First listed in 2016, the estate known as Great Island in Darien, Connecticut, was built in the early-1900s by baking powder entrepreneur William Ziegler (his descendants are the current owners) and is the largest private island to ever be put up for sale on the East Coast. Six years ago, the estate sparked headlines with its original $175 million price tag. It didn’t sell for the astronomical figure, though, so it was relisted for $120 million three years later. Now, the island is up for grabs again for $100 million—a price considered realistic considering all it includes.
For starters, you’ll have a massive 13,107-square-foot manor, built in 1905, that comes with 10 bedrooms, eight full bathrooms and two half-baths. The land features several structures overall, including a 19th-century farmhouse, seaside bungalow and a beach cottage. At the end of its half-mile-long driveway, you’ll also find a century-old stone house with three bedrooms and scenic views of the shoreline. The grounds are also ideal for equestrians, as it includes a 20-stall stable with stunning arched ceilings and an indoor riding arena. Additionally, the island comes with its own sandy beach and deep-water dock—making it the perfect summer getaway for New York City dwellers just 50 miles away.
The land is owned by a trust that is controlled by the Steinkraus family, who are descendants of Ziegler’s granddaughter, Helen, according to The Wall Street Journal. Despite having ties to the property, Philip Steinkraus (one of Helen’s sons) told the publication that one reason the property was bought to market is because he and his brother have “moved on with their lives.” Yet, he also stated that “given our druthers, I think we prefer the estate to retain its character and stays a version of what it is.”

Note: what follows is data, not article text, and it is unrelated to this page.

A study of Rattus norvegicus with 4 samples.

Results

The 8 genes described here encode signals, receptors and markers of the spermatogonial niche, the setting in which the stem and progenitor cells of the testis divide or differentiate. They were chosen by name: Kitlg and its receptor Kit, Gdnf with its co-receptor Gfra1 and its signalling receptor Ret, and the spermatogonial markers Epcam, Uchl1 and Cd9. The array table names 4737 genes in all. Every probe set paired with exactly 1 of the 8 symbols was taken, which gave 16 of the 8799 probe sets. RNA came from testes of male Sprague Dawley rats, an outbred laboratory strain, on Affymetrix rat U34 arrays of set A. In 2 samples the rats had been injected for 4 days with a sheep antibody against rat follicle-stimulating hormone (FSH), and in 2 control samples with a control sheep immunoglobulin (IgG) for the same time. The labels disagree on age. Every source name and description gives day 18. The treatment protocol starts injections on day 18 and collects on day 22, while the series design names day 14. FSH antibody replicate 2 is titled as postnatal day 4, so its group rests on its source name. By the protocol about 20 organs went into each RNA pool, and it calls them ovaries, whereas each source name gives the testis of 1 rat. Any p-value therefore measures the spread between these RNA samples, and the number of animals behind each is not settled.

New property lines are another reason the land has returned to the market. According to Steinkraus, several property lines were recently redrawn; in one example, a neighboring waterfront parcel was removed and is now owned by another branch of the family, says WSJ. With original prices set by family members who have passed on, the descendants had no comps to compare its value to—which logically caused a bit of confusion. Nonetheless, the estate’s listing agent, Jennifer Leahy of Douglas Elliman believes its combination of waterfront and equestrian offerings make it a rare catch.
“Over the past two years, we’ve seen properties sell for over $50 million that have much less than 60 acres of land,” she tells Robb Report. “Other things like the main house’s Prohibition wine cellar are also really special and show the history of the estate.” While we’d imagine this listing to be a great choice for families or individuals looking for a new work-from-home (or rather, island) space. the agency of record instead believes “it’s for the buyer who wants it all to themselves and owns a number of properties all over the world.”
Check out more images of the estate below.